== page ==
How configurators can be a key tool in the design process

The modern consumer market is constantly hunting for technological advances. Standing out in the increasingly competitive market is imperative and configurators are a development that have caused a stir. If you were to visit the website of almost any car manufacturer today, you would find a configurator that allows you to make a whole host of changes to a big, shiny and interactive visualisation of a car. A huge array of components can be modified, with all of them appearing instantly in front of your eyes. Essentially it’s an adult version of a Lego car for the modern consumer. Instead of changing blocks to create your perfect vehicle, you make adjustments on a digital visualisation. These engaging and interactive POS configurators are the more glamorous side of configurators, but they can also be utilised as an important means of review in the product design process.  

Configurators for use throughout the design workflow have the same key features as those used at the point-of-sale and provide many of the same benefits. Customisation is still a key feature in the design stage but instead of allowing a customer to try numerous iterations; it gives designers the flexibility to explore different options and make multiple changes before making final design decisions. With the easy to use nature of a configurator, it brings forward the design review to an earlier stage in the process. Configurators are rapidly changing the process of design and enabling designers to make decisions on a digitalised visualisation of a product rather than using a traditional prototype.

Streamlined design workflow

Due to the technical capabilities of a configurator, it is much easier for designers to present and adapt many different design possibilities in an internal workflow. The ability to present, prototype and collaborate on a project is a key feature that configurators offer. Groups of designers can suggest and try different design iterations, amending numerous components in real-time and bringing true to life visualisations to all internal clients. Within the internal workflow the need to use multiple applications in design is restricted, as all design changes can be made using the configuration application. This streamlined design process makes final design decisions quicker and easier to make whilst saving time and money.  

As with any configurator, the component parameters can be set to include material, size, geometry etc. Designers can then try different combinations of these components and see how they react with different environments, materials and lighting structures, making it easier to focus on final design decisions. This innovative design methodology also has scope to be extended to allow for remote design decision making. With a configurator in a central location, it could be connected to external devices to allow others to see design changes being made and make recommendations themselves. The ease of presentation, speed of design changes and ability to collaborate make configurators an invaluable tool at the design review stage.

Design accuracy whilst reducing time and costs

This method of design saves companies both time and money; there is no need to manufacture prototypes as configurators allow for design changes to be made in real-time whilst being represented on a physically based photorealistic image. In addition to this, products represented in a configurator are built with physically accurate materials, meaning they react and look precisely as they do in the real-world. This accuracy means designers can be confident that any changes they make to the product in the configurator will be fully represented on the final product.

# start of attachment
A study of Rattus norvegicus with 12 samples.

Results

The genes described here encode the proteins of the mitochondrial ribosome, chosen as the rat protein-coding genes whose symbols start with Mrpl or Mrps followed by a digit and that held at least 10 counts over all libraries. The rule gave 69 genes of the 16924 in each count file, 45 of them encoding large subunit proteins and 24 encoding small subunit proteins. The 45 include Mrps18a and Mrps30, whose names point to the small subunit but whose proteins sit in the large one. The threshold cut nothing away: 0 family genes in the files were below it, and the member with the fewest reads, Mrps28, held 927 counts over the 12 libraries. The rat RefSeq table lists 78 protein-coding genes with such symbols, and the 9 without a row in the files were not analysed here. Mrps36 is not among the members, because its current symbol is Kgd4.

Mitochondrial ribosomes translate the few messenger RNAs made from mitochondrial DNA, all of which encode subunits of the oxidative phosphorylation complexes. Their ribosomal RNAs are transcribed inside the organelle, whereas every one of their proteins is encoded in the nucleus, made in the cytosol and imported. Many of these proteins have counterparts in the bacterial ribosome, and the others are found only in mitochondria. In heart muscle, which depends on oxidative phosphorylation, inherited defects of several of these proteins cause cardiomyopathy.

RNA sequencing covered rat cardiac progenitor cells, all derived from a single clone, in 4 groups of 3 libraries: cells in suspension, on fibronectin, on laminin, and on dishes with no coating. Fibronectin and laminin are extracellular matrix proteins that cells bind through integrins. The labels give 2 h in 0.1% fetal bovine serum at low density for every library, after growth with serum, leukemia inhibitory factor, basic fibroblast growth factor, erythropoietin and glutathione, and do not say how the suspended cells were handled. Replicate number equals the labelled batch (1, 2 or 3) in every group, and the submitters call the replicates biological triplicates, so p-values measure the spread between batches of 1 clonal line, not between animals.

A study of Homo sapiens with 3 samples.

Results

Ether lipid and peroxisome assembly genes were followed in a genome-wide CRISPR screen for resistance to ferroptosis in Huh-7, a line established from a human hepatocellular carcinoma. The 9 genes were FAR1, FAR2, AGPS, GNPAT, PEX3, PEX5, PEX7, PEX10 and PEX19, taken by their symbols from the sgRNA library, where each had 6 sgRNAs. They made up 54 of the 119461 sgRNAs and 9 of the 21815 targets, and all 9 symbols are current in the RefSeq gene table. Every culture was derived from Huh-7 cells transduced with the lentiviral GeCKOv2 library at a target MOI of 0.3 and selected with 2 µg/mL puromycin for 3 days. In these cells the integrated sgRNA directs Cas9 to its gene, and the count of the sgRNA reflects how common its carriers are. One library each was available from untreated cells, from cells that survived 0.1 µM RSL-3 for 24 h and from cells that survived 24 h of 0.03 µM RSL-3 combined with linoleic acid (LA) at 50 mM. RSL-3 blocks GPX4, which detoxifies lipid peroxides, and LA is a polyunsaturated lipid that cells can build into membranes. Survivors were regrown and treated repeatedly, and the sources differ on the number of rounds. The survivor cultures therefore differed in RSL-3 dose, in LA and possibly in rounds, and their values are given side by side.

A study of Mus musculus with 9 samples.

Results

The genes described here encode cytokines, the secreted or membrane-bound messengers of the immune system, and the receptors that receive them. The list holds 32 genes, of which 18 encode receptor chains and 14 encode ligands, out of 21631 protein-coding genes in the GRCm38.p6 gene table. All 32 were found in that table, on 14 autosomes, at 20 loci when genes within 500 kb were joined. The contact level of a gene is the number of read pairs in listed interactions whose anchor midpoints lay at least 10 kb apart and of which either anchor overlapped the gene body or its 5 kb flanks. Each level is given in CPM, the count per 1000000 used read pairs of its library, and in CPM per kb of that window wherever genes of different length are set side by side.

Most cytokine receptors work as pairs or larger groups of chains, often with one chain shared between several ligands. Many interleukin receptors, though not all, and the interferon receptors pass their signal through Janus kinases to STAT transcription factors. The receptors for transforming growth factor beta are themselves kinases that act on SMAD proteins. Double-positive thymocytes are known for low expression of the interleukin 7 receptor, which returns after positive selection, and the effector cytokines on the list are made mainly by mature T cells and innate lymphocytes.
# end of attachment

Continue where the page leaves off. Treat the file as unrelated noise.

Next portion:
Designs can be finalised using the configurator, with the precision suitable for engineering, pre-sales manufacturing and all areas of product design. The real-world accuracy of the configurator negates the need for lengthy design cycles and high costs. Market research can also be improved using a configurator. Instead of showing a focus group a selection of images, a configurator can be used to show multiple options, including 360° navigation. Interaction with the product is enhanced resulting in deeper and more engaged feedback. 

A key tool in the design process   

A configurator can be used as a product design tool across numerous industries, including automotive, architectural and technology. For instance, if a watch company were formulating ideas for a new design of watch, a configurator could be built to act as a valuable tool when trying out a multitude of design options. A configurator would allow designers to make changes to the material, colour, size and much more. As each different design can be automatically cached, designers have the ability to go back to previously created designs. The ability to make instant design changes at this stage of the workflow gives designers ultimate flexibility.

The benefits of using a configurator as a design tool are numerous and companies can take advantage of these instantly. Whilst a configurator at the POS allows customers ultimate personalisation, a configurator in the design review can be used to achieve the opposite. Designers need to finalise design decisions, not to an individual’s personal preference but as collaboration between numerous interested parties. The real-time changes to a photoreal product improve the design workflow, whilst saving time and money. No longer do companies have to rely on expensive and time consuming multi application design iterations and prototype development; final product decisions can be made using a configurator.